Exclusive word order (V, U)

Some verbs are semantically classified as transitive, yet they can form a grammatical clause with a single argument distinct from the agent. This unique argument is coded as U. This parameter considers exclusive word order, which refers to the relative positions of the verb (V) and its unique argument (U). To constitute a unique-argument construction, a (declarative) sentence must meet the following criteria:

  1. V only requires a non-agent as an argument (U).[1]
  2. In other constructions, U generally functions as P (patient) or R (recipient or beneficiary).
  3. U is semantically unmarked.[2]

No distinction is made necessary between basic and dominant exclusive word order, since they rarely diverge. If two word orders are possible, the dominant word order can be determined based on the following rules:

  1. If neither occurs at least twice as frequently as the other, there is no dominant word order.
  2. If one word order occurs at least twice as frequently as the other, it is considered the dominant word order.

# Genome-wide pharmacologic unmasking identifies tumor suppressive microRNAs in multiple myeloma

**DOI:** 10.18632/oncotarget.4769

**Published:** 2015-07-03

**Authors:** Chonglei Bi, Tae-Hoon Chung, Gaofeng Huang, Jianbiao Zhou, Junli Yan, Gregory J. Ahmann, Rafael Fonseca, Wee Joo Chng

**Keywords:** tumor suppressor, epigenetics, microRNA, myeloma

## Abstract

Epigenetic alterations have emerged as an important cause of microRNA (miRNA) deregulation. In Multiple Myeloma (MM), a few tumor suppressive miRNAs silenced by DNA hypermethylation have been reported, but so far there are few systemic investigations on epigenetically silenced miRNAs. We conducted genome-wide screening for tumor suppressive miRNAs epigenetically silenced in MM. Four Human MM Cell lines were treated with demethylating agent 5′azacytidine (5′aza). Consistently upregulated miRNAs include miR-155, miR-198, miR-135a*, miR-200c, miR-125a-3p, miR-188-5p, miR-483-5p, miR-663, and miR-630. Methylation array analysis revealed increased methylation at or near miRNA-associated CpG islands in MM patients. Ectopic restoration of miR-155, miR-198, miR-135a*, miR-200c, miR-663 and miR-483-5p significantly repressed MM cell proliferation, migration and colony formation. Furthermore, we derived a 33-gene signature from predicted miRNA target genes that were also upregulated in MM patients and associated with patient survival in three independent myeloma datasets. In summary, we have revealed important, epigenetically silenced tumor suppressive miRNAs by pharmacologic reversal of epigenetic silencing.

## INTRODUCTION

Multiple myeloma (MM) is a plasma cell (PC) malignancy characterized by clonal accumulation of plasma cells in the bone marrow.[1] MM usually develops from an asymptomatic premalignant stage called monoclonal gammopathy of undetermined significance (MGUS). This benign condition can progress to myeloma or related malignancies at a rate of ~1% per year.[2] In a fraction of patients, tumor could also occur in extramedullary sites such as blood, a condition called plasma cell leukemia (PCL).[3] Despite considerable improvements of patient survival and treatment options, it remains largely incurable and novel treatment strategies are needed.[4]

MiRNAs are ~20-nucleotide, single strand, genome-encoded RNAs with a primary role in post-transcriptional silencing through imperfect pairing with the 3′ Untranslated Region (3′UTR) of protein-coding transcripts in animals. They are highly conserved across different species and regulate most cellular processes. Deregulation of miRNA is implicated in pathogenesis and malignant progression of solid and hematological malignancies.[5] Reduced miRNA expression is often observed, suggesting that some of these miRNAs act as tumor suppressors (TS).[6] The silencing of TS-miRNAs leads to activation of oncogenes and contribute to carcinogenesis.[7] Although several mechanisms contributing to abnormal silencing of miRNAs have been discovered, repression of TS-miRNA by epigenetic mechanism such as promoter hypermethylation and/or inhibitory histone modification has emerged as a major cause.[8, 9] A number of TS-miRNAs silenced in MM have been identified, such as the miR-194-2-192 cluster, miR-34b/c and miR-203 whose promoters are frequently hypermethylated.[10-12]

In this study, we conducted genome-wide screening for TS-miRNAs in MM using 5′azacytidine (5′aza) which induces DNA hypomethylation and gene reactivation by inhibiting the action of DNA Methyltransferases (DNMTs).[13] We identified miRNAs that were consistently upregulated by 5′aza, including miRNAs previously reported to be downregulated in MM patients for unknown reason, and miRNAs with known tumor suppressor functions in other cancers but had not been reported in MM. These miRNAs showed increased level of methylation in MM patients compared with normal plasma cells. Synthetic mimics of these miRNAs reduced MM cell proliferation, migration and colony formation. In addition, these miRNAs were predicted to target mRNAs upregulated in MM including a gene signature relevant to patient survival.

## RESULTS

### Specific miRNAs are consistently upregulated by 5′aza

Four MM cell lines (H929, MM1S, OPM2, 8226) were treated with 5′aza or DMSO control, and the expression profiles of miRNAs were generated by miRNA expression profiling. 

NoUWO: Unique-argument constructions with transitive verbs are not possible.

VU: The exclusive word order is VU.

UV: The exclusive word order is UV.

When a language displays both word orders, both values can be listed. If one type is dominant, a slash (/) can separate the two values, with the dominant value appearing first; if neither is dominant, they are listed with an ampersand (&) separating the two.[3]


[1] These “impersonal transitive” constructions feature only the patient, recipient, or beneficiary as an argument; expression of the agent is impossible. See the Latin Taedet me ‘I am disgusted’ (lit. ‘[it] disgusts me’), Russian, Jemu vezjot ‘He is lucky’ (lit. ‘for him [it] leads’), and Finnish Minua nukuttaaI am sleepy’ (lit. ‘[it] makes me sleepy’). The majority of the languages of the world lack this type of construction.

[2] If the order of U and V is affected by semantic or grammatical features, the exclusive word order is based on the relative positions of U and V in an unmarked sentence. If word order is affected by definiteness, for example, a sentence featuring an indefinite argument should be considered.

[3] For example, VU / UV means that the dominant exclusive word order is VU, but there are instances of UV, too.